When it comes to monetary policy, the conversation in major economies is about whether central banks like the Federal Reserve will raise interest rates too quickly.
But there’s a group of central banks that stand out for a different reason: keeping interest rates too low for too long.
Policymakers in Pakistan, Sri Lanka and Vietnam, specifically, are the “usual suspects” in this case, according to Capital Economics and they’re putting their economic growth at risk.
As oil prices fell sharply at the end of 2014, they dragged inflation in emerging markets down with them. That gave emerging market central banks the chance to keep monetary policy loose, or even cut rates further. As a result, in 2015, both Vietnam and Pakistan experienced their best growth since before the global financial crisis. And while Sri Lanka‘s growth didn’t quite make it back to where it was, it still rebounded nicely.
But now, the countries face either a sharp increase in inflation, or an increase in the amount of bad debt, Capital Economics says.
“The longer it takes them to bite the bullet and tighten policy, the worse the repercussions will be,” the analysts write.
Capital Economics says the way things are unfolding in Pakistan is a “textbook example of how not to manage monetary policy.” The central bank has been cutting interest rates to combat a drop in inflation that was caused by supply side factors (ie lower oil prices). However, soon enough year-over-year comparisons for oil will bounce back sharply, pulling inflation numbers higher along with it.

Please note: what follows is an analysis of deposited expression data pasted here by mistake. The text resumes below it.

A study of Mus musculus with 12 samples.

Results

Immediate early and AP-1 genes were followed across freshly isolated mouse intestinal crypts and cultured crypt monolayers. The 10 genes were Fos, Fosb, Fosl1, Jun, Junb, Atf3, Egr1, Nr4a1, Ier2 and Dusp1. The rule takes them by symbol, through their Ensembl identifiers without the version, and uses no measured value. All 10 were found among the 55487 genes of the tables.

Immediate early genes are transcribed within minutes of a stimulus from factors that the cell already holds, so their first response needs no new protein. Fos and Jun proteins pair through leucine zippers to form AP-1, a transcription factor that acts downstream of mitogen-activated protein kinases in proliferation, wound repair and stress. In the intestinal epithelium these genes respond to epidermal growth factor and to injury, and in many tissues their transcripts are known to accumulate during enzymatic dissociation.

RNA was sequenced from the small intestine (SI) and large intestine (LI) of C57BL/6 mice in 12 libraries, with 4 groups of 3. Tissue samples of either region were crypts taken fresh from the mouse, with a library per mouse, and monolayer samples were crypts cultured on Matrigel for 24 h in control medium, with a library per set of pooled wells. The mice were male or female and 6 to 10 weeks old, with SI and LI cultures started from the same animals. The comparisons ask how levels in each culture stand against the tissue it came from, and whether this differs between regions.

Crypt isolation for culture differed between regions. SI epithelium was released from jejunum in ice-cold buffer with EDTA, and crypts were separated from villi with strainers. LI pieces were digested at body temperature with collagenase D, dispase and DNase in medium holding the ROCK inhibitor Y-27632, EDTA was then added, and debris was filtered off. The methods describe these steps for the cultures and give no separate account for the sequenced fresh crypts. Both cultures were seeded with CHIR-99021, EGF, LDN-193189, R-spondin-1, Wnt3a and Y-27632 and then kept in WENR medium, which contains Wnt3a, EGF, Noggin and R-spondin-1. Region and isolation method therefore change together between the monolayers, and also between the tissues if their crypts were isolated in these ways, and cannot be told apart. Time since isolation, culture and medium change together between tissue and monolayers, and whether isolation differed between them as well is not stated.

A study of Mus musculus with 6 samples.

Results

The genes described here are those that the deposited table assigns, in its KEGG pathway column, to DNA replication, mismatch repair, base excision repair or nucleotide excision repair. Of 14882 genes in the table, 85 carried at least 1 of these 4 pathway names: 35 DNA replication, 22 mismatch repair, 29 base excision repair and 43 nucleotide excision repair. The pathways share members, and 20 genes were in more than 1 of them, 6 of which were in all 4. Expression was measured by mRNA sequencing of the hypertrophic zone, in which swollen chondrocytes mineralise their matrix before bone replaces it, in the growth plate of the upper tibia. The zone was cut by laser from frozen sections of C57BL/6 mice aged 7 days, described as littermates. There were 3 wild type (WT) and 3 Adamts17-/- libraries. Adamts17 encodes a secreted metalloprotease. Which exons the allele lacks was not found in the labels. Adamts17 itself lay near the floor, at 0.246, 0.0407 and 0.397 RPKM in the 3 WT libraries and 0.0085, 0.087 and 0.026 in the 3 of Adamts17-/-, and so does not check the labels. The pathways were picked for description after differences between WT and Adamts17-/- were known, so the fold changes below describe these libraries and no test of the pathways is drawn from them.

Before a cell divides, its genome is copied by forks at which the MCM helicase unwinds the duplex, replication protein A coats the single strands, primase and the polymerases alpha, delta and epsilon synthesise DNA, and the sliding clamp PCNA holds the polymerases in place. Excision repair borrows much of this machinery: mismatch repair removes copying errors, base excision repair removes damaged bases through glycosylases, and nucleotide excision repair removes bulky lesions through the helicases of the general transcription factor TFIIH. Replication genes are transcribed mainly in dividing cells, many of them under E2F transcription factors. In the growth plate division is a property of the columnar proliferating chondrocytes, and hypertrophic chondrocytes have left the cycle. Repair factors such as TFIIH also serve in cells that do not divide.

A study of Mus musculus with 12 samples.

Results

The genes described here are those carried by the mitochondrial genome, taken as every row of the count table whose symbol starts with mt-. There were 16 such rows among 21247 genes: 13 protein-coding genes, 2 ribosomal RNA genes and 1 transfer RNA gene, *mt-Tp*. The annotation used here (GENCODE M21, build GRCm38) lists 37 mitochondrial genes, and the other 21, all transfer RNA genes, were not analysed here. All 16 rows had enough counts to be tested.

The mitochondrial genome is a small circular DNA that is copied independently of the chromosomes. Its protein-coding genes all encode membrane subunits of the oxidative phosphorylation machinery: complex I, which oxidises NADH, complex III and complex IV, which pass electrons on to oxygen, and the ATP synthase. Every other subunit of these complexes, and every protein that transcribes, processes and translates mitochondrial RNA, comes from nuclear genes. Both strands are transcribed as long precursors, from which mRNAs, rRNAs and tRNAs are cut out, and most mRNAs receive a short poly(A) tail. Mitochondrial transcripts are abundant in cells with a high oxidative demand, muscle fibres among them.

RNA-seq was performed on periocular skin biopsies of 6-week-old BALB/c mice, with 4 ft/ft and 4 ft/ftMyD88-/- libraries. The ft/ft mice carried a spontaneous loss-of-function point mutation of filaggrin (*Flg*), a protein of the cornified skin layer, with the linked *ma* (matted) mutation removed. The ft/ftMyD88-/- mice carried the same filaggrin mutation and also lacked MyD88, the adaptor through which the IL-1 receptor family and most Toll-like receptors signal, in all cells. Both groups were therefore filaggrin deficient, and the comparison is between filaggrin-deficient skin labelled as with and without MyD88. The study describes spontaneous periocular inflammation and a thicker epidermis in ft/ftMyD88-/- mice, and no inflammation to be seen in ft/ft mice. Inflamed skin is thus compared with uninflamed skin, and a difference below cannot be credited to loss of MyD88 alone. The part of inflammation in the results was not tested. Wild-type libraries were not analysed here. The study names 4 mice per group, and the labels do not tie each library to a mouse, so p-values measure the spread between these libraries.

Vietnam and Sri Lanka are facing a different problem. Vietnam still hasn’t recovered from the bankruptcy of its state-owned shipbuilder, and risks another rise in non-performing loans. In Sri Lanka, the central bank unexpectedly hiked rates back in February in an effort to prick a credit bubble that is growing at a 30% year-over-year clip.
Capital Economics speculates Pakistan will be the first place to feel the impact from keeping rates too low for too long, and will soon need to “reverse course soon in order to prevent inflation from getting out of hand.” Meanwhile, a time-table for Vietnam and Sri Lanka are harder to predict. That’s because credit booms “have lasted from as little as two years to as many as nine years” before a crisis has taken hold.